By Sam Zuba-

(CBS) Imagine this scenario, if you will.

The Bears face a fourth-and-inches late in the fourth quarter of a tie game. Jay Cutler hands off to Matt Forte who runs directly into the the pile at the line of scrimmage.

Did he earn the first down? Is it a turnover on downs? No one knows until the referee spots the ball and calls for an official measurement.

The ball is then moved and the chain gang comes out to the field to measure the spot and determine the fate of the game.

“It takes an average of three minutes for the referees to bring out the chains and measure the spot, and you usually lose an inch,” said Alan Amron of First Down Laser Systems.

Amron is a founding partner of a group that has come up with a better solution to judging first downs than the antiquated chain system. His technology shoots a green laser across the field for the entire stadium to see, telling officials exactly where the first-down marker is.

There’s no waiting and no opportunity for an inaccurate measurement.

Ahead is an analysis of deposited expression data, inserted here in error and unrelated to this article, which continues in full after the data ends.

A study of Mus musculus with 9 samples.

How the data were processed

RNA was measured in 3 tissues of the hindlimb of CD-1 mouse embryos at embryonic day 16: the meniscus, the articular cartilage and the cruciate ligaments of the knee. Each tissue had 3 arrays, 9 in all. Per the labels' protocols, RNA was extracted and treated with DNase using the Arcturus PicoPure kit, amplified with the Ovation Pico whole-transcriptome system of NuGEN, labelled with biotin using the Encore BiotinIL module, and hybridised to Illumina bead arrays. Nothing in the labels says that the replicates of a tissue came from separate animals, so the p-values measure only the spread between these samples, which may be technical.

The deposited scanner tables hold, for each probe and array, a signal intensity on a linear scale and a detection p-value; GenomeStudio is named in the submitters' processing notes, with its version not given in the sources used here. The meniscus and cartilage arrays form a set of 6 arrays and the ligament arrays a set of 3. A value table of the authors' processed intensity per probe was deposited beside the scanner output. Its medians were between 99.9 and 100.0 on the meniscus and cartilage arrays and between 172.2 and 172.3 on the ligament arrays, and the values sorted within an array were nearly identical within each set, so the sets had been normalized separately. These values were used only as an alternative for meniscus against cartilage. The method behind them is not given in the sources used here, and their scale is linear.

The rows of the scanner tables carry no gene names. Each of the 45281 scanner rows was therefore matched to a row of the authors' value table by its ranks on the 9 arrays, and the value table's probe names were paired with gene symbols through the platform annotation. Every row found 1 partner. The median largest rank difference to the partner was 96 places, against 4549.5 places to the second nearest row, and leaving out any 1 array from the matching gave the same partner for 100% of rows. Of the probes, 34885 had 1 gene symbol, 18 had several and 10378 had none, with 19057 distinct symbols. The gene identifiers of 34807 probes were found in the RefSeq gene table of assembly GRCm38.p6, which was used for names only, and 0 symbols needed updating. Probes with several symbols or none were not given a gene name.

“Our system does this in four seconds,” Amron said.

First Down Laser Systems debuted their technology at the NCAA track and field championships in June, and have interest from the NFL, CFL and college football.

Amron said the NFL wants to see the technology in action in an football game before moving further, similar to what the league did with the skycam.

The green line pasted across the field can be used during the entire game, in between plays or when the referees need it.

“This will enhance the fan experience in NFL games,” Amron said. “The NFL’s No. 1 competitor right now is the couch. This will give fans a reason to come out to the games. They’ll be able to see the first down line on the field, just like they see the yellow line at home.

Amron said his company will begin testing with the CFL in the near future.

“We feel like our time has come,” he said.

Check out the video demonstrating First Down Laser System’s technology below.